Palo Alto's ambitious plan to making biking easier and safer on local streets received a burst of momentum this week when the City Council enthusiastically endorsed the creation of three new bike corridors, along with an enhancement of the city's pioneering bike boulevard on Bryant Street.
By an 8-0 vote, with Tom DuBois recusing, the council approved on Monday night a slew of traffic-calming measure -- including new signs, roundabouts, speed humps and curb extensions -- at three corridors in Midtown and south Palo Alto. One would be a north-south bike route along Ross Road, from just south of Oregon Expressway to Louis Road. It would connect with two other east-west corridors, one along Amarillo Avenue and Moreno Avenue and another along Louis Road and Montrose Avenue.
In addition, the Bryant Street boulevard would see new improvements, including wayfinding signs, raised intersections and a traffic circle. A prior proposal to include green "sharrow" (markings that indicate the area of roadway to be shared by bikes and vehicles) on the road was scrapped by staff and consultants after community criticism.
All of these projects were included in the city's 2012 master plan for biking and pedestrian improvements, a plan that the city is now aggressively trying to turn into reality. Before the Monday action, the city had 7.9 miles of bike-boulevard corridors in the planning phase, said Joshuah Mello, the city's Chief transportation official. This week's vote the number to 11.1 miles.
"These are bike projects but they really are traffic-calming projects at heart and soul," Mello told the council Monday. "One of the primary goals, if not the overarching goal, is to reduce motor-vehicle speeds on these streets and get motor vehicles operating at moderate speeds, closer to speeds at which bicycles travel along the corridor."
The new projects have won overwhelming support in the city's bicycling community, with dozens of people attending Monday's meeting and almost all speaking in favor of the proposed improvements.
Resident Zoe Hoster said the ability to bike and walk in Palo Alto is "one of the great advantages of living in the city." However, occasional hazardous traffic conditions often make it difficult for people to bike around.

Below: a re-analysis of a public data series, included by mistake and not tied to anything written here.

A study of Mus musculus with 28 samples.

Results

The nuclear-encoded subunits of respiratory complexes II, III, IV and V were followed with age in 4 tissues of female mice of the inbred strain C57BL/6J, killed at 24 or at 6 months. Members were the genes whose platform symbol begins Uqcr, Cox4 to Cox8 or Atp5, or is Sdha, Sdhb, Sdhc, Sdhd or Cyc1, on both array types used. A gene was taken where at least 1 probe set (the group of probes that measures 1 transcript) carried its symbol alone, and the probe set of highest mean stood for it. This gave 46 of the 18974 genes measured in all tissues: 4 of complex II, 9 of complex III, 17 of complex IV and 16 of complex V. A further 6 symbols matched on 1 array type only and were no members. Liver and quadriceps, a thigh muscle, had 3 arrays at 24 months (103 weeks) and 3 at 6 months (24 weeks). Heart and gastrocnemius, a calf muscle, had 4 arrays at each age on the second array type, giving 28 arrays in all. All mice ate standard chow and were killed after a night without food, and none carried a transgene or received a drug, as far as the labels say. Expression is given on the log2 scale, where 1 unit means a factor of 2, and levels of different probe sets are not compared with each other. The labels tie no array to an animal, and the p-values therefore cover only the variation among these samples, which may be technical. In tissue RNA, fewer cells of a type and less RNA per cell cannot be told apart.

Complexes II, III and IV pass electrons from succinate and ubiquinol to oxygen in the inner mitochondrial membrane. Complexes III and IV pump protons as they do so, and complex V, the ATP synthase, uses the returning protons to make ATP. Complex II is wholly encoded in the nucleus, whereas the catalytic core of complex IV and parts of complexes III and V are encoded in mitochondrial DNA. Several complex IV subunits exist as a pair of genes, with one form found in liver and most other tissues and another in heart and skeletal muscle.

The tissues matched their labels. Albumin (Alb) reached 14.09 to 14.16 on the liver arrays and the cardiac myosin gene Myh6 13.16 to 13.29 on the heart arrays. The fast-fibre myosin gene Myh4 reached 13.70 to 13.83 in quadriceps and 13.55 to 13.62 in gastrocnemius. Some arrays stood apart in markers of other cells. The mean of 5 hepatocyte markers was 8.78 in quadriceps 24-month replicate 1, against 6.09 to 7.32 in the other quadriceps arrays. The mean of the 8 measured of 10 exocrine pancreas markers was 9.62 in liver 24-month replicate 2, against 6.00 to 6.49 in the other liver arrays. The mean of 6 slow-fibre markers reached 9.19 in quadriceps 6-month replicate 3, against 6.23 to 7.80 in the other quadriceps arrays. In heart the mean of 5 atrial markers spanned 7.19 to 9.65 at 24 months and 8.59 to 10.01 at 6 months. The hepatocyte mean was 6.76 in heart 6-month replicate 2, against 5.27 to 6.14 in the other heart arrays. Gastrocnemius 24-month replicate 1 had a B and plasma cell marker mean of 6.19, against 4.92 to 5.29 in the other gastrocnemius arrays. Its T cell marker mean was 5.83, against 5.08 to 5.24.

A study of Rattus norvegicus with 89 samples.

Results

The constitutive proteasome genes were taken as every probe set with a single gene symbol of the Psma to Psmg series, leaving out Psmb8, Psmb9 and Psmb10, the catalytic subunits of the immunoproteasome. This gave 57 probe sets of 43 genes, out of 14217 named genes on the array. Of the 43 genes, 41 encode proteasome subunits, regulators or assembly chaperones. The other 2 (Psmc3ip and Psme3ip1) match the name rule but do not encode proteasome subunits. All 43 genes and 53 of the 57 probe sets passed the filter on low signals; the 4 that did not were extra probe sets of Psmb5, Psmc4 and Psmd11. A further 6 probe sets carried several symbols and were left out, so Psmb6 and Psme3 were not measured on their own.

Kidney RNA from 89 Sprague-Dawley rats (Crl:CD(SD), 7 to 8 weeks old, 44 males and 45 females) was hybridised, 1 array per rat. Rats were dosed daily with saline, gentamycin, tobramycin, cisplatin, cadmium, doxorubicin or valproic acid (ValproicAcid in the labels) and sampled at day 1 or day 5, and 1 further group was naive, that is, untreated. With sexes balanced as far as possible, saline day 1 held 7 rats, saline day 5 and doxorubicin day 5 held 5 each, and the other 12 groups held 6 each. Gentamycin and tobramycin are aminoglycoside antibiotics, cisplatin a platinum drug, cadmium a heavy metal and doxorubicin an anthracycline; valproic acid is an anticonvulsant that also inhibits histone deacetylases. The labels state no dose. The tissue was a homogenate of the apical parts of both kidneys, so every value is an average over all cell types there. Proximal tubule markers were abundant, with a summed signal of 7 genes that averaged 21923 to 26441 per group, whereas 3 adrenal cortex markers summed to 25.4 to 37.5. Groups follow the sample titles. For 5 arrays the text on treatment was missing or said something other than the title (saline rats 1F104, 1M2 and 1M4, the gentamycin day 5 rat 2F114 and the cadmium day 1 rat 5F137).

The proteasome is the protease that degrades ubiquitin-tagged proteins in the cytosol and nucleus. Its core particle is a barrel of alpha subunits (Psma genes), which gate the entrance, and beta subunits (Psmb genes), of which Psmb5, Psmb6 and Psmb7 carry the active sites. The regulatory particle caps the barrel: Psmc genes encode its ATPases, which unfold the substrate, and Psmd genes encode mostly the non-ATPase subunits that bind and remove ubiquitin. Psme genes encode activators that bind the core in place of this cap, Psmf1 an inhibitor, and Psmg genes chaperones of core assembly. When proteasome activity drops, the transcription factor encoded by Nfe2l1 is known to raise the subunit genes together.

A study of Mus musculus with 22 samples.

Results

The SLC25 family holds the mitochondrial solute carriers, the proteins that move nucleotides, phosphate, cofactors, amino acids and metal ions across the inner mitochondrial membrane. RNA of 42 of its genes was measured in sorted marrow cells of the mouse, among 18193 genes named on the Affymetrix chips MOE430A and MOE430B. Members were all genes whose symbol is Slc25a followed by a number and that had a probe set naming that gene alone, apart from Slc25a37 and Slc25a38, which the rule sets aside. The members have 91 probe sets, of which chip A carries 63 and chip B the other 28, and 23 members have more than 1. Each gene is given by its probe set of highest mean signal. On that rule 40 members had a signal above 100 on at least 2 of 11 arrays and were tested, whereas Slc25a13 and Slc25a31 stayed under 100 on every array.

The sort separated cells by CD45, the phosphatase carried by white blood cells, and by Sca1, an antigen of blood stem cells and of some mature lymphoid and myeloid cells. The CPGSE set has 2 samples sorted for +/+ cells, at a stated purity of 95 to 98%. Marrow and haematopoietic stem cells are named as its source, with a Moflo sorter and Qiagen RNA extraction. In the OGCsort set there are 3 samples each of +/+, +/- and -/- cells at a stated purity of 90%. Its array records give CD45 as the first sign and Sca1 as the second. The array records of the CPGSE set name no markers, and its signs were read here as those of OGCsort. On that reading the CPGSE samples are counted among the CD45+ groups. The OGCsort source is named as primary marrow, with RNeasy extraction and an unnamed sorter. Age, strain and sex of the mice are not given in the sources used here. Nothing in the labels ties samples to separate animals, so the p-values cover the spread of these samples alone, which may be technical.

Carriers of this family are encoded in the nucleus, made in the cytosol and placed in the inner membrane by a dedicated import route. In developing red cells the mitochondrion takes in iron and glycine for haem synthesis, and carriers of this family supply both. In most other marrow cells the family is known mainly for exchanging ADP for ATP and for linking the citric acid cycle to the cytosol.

"With these improvements, they will be able to enjoy the benefits of walking and biking around the city and all of us will enjoy the benefits of reduced traffic congestion and improved safety," Hoster said.
The projects will also require the city to remove 266 parking spaces from the areas where the new corridors would be constructed, or about 1/7 of the total number of spaces. In making the recommendation, Mello said, staff was "very conscious of parking impacts to residents and adjacent property owners as we consider infrastructure recommendations."
He said most of the "large-scale parking modifications" are along south Palo Alto corridors, in areas where staff is proposing to add street trees. But while downtown areas won't see major parking impacts from the new Bryant Street improvements, there are some areas where staff felt it would make sense to remove parking spots despite the heavy parking demand.
Much like the majority of the speakers, the council agreed that it's time to get moving with the new bike projects.
Councilwoman Liz Kniss lauded the large number of bicyclists, particularly students, who already use the Bryant Street boulevard and called the new proposal "an idea whose time has come."
Mayor Pat Burt concurred and called the new effort to build new bike corridors the city's "first significant reinvestment in our bike plan since the 1970s."
"I think staff and consultants have developed a better and continually improved and refined plan in response to feedback from the community," he said.